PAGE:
According to the Centers for Disease Control and Prevention, the seven-day moving average of COVID-19 cases in the United States is currently about half of what it was in late July. This is good news. However, in the past few days there has been an uptick in the number of reported cases, and the future trend is unclear. In this context, continued vigilance in matters of workplace safety and health remains as important as ever.
Emphasizing this, the US Department of Labor recently issued multiple COVID-related citations under the Occupational Safety and Health Act of 1970 ("the Act"), which requires employers to provide safe and healthy workplaces for their employees. In all cases reviewed below, the cited employers may ultimately contest the allegations against them before the Occupational Safety and Health Review Commission. However, they do serve as a reminder to employers that OSHA is actively enforcing its mandate. Accordingly, employers should double check to make sure they are compliant with applicable safety and health laws and OSHA regulations in the present environment.
Among the citations, two cases arose in the meat packaging industry.
In the first, OSHA cited the employer for an alleged violation of the "general duty clause," which requires that the workplace be free from recognized hazards that are causing, or are likely to cause, death or serious physical harm to employees. Although fuller details are not currently available, it appears that over 1,200 members of the employer's workforce contracted COVID-19, and four have died from it, since the Spring of 2020. A penalty of $13,494 has been imposed, the maximum allowed by law.
In the second case, the general duty clause was also involved and the maximum penalty was imposed. The employer was also found to have failed to timely provide an authorized employee representative with injury and illness logs following an OSHA inspection. Total penalties are $15,615.
Three additional cases involved employers in the healthcare sector.
In one instance, OSHA issued a citation and imposed the maximum penalty based on a finding that emergency facility employees often shared used protective gowns, or did not use any, while treating patients.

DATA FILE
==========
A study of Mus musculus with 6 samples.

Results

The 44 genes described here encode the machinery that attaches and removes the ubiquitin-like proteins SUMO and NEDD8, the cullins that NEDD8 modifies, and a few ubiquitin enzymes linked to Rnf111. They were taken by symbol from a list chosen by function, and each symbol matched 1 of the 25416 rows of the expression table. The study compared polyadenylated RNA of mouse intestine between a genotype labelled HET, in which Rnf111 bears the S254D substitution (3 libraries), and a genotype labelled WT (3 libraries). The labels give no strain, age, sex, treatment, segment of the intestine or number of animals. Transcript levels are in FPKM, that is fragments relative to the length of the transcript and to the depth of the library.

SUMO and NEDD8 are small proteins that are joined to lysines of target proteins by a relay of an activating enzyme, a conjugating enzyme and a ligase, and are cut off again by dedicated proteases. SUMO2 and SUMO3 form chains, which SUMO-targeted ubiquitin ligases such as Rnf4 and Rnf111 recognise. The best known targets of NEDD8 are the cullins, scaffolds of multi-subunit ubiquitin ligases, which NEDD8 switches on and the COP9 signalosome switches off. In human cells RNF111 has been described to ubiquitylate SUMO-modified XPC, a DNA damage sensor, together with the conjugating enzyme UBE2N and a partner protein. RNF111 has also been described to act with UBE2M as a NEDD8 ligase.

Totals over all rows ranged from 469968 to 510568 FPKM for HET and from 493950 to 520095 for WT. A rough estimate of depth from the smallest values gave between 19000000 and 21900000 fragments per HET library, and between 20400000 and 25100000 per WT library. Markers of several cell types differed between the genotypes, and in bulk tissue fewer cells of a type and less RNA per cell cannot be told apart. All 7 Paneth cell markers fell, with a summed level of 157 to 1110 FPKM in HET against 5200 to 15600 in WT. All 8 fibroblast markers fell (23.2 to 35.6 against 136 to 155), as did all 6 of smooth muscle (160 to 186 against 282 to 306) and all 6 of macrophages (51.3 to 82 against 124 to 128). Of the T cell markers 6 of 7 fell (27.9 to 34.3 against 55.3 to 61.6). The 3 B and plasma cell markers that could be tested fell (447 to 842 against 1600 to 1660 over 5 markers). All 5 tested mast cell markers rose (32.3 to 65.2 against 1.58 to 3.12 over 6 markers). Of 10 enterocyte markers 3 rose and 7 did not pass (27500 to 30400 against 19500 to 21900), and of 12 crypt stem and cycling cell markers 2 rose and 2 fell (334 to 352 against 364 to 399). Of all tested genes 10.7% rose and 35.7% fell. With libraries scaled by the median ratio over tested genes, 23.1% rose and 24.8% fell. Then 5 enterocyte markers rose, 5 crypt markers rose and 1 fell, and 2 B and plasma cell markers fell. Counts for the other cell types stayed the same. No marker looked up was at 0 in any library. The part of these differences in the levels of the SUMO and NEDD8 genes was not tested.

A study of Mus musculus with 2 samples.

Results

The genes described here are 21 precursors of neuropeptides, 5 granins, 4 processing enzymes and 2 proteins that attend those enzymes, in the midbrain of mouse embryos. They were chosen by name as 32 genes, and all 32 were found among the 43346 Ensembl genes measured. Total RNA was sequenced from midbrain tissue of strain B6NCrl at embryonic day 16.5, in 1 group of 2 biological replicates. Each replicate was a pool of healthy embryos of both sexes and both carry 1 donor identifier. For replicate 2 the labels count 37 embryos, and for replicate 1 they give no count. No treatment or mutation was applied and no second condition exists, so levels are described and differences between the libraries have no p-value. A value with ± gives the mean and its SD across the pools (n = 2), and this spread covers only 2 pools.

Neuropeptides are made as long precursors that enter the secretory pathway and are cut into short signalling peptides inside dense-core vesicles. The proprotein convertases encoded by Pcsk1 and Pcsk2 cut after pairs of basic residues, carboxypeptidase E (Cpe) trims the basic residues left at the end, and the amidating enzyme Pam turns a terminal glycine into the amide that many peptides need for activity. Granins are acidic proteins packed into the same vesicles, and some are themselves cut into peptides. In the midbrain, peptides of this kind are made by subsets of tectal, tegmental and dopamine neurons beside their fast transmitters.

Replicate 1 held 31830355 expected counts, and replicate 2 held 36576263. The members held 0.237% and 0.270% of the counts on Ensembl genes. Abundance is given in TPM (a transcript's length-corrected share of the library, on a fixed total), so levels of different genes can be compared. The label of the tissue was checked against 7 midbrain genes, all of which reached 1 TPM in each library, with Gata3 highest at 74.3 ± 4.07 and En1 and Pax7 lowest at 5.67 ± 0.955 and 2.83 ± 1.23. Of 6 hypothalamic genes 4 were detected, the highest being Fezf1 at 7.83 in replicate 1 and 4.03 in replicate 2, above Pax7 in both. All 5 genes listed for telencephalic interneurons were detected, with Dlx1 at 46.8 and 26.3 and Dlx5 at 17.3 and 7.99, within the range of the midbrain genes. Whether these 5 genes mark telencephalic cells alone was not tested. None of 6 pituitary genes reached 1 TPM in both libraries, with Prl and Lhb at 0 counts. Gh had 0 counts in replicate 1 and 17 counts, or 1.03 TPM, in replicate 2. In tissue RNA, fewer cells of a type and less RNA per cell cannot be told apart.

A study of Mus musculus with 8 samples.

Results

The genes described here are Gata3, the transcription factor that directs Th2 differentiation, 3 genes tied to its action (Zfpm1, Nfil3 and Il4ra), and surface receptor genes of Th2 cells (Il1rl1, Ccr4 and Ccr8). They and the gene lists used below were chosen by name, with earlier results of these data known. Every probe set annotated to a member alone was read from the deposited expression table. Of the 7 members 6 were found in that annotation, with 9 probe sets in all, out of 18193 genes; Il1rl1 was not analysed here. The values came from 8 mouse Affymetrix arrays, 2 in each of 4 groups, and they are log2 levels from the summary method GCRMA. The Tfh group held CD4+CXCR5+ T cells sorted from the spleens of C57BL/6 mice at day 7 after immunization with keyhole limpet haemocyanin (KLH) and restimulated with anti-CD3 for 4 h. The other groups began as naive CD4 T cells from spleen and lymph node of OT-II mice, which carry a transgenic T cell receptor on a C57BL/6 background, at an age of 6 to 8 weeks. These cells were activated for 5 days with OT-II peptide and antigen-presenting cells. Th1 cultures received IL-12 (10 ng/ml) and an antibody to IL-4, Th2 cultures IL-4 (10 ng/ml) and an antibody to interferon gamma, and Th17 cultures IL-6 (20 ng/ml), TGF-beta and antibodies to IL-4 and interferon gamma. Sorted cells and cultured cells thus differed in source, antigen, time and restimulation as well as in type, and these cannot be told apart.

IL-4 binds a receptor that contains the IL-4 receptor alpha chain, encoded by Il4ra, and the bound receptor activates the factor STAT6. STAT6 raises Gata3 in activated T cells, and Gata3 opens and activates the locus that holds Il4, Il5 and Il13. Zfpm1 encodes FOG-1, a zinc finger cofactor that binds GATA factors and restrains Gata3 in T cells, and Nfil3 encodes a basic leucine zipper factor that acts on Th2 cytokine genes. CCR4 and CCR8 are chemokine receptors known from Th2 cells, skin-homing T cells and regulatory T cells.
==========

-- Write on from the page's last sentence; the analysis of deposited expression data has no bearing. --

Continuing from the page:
In another case, three citations were issued, with total penalties of $28,070, for (1) failure to provide respirators to employees who were caring for residents that exhibited coronavirus symptoms (2) failure to conduct respirator fit testing, training and medical evaluations and (3) failure to establish a fit-test record for qualitative fit tests.
In the third matter, respiratory protection norms were again at issue, involving two serious citations and penalties of $9,639. OSHA found that the employer had failed to fit-test respirators on employees who were required to use them, and failed to train employees on proper respirator use and circumstances requiring them.
As these cases illustrate, the coronavirus pandemic can engage both general safety and health obligations and specific duties established under OSHA standards such as those relating to Personal Protective Equipment (PPE), Respiratory Protection and Sanitation. Further, with respect to an employer's general duties, required measures may vary depending on factors such as the type of work being performed, and the nature of the exposure risks involved.
In all cases, employers should carry out a thorough hazard assessment of their workplace, use proper engineering and administrative controls, train employees on safe working practices and provide personal protective equipment (PPE) where required to keep their employees safe.
OSHA has developed both general and industry specific guidance for employers to assist them in establishing control and prevention measures to protect workers from exposure to COVID-19. OSHA and the US Department of Health and Human Services (HHS) have also provided joint guidance on preparing workplaces to address COVID-19.
Although not having force of law, these guidance documents should be consulted and, where applicable to a given workplace, implemented as part of an employer's overall safety and health compliance strategy. In addition to these, employers should establish a system to regularly monitor developments in OSHA guidance and local and state laws that could be implicated.
For further information about the matters raised in this article, please contact Kevin MacNeill.
Dealing with distress: business restructuring and rescue
Businesses in every sector and geography are having to transition to new ways of operating within a rapidly changing and increasingly uncertain legal and regulatory landscape.